Say this for Tiger Woods' Saturday round at Royal Lytham and St. Anne's: at least he didn't self-destruct his way out of a chance at a win the way he did last month at the U.S. Open.
Oh, it certainly looked like Saturday was heading that way. After missing a makeable par putt on 1 and another on 3, Woods was bringing back ugly memories of Olympic, where he bogeyed half the first eight holes and effectively killed any chance he might have had of bringing down that elusive 15th major on U.S. soil.
[Martin Rogers: Adam Scott has title in sight as Tiger Woods fails to keep up]
This time around, though, Woods got his act together in a hurry. He birdied the sixth for the third straight day, continuing his mastery of what had been one of the tougher holes on the course. He followed that with two birdies in the next three holes, displaying a combination of deft distance putting and dart-throwing chips. He closed to within four strokes of leader Adam Scott...but that was as close as he'd get.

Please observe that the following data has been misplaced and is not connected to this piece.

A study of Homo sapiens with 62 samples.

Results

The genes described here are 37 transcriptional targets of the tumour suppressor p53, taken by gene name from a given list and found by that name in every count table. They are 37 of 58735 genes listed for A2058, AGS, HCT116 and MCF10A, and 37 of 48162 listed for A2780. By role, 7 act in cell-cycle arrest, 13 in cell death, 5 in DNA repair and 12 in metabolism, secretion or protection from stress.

For the rest of the round, Woods remained oddly steady and calm, not taking chances, not getting himself into too much trouble. (After 8, he only bogeyed one more hole.) It was the smart play, of course; Woods doesn't have the game now to go hell-bent for leather at the flag and risk losing his ball in the same demon rough that claimed Phil Mickelson earlier this week. But on a calm day when Scott simply was not missing and Graeme McDowell was steamrolling right past him, Woods missed opportunities to narrow the gap.
He now sits alone in fourth place, five strokes behind Scott. He'll tee off with Brandt Snedeker, the Friday-night leader who found trouble early but salvaged a +3 round, in the grouping just ahead of the leaders. That's close enough to put some psychological pressure on Scott and Graeme McDowell with some of those classic Tiger-gallery cheers ... but Tiger will need to do something to warrant those cheers, of course.
Then there's this: Woods has never won a major he didn't lead after 54 holes. You can look at this a couple ways: one, he's better at protecting a lead than gaining one; and two, for most of his majors he was so freaking dominant through the first three days that he didn't need to chase anyone down.
Still, this is a new Tiger, a new game of golf. There's a long way to go at Royal Lytham, but it'd be fitting indeed if Woods won his newest major in a way he never did before.